The Institute employs multi-disciplinary approaches to infection biology, comprising concepts and methodologies of molecular genetics, immunology, cell biology, epidemiology, clinical research and protein chemistry. The Institute promotes the applications of its research towards paving the way for the design of rational measures of control of infectious diseases.
Student researcher position for physics, biophysics and computational scientists
The Taylor lab is looking for an enthusiastic and motivated undergraduate student to join our research group at the Max Planck Institute for Infection Biology located at the Charite Campus Mitte. This position is for a paid student researcher position in the lab. We are interested in students with a physics or engineering background that are motivated to apply their skill set to answer biological questions.
We currently have projects that are examining the molecular dynamics of immune signaling pathways using synthetic T cell receptors (see reference1), as well as projects exploring the protein dynamics of innate immune signaling. Students will apply their computational skills to develop tools to analyze microscopy data. Students in the lab will receive training in single-molecule imaging, and cellular engineering approaches developed in the lab1.
The successful candidate will have strong computational and data analysis skills. The candidate should be competent in MATLAB and Python programming. A background in image analysis and signal processing will also be valuable for this position. Any experience with biophysics, biochemistry or cell biology is advantageous, but not necessary. The main requirement is enthusiasm to learn and apply themselves to solve biological questions.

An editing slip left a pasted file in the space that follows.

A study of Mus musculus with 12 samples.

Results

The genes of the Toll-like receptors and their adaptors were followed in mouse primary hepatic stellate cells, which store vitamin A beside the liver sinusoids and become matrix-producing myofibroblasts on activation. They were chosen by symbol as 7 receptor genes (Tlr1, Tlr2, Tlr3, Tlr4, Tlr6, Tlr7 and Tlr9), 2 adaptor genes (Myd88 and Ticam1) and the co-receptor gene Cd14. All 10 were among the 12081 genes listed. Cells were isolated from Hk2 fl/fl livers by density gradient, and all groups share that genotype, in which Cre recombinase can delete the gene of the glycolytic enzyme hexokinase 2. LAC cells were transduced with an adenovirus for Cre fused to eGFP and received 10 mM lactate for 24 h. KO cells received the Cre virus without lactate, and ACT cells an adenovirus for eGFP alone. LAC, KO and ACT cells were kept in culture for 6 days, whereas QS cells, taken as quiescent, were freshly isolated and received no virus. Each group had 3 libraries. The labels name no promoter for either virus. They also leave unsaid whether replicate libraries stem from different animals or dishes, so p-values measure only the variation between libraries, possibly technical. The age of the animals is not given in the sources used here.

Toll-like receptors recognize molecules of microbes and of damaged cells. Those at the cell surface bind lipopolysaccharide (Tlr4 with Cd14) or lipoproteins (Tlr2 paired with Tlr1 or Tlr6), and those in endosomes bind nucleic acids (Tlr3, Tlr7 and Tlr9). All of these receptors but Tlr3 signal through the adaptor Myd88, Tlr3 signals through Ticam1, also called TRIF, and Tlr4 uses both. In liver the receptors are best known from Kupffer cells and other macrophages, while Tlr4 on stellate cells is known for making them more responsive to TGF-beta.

What we offer:
The Taylor laboratory is interested in how immune cells decode chemical information. We aim to understand how immunological signaling molecules self-organize to detect and respond to the molecular signals of disease and infection. We have developed assays and approaches that allow us to visualize the biochemistry of immune signal-ling at the single molecule level within live cells1. Our scientific vision is to leverage a detailed understanding of the molecular mechanism to be able to re-engineer and con-trol these signaling systems.
1. Taylor, M. J., Husain, K., Gartner, Z. J., Mayor, S. & Vale, R. D. A DNA-Based T Cell Receptor Reveals a Role for Receptor Clustering in Ligand Discrimination. Cell 169, 108–119.e20 (2017).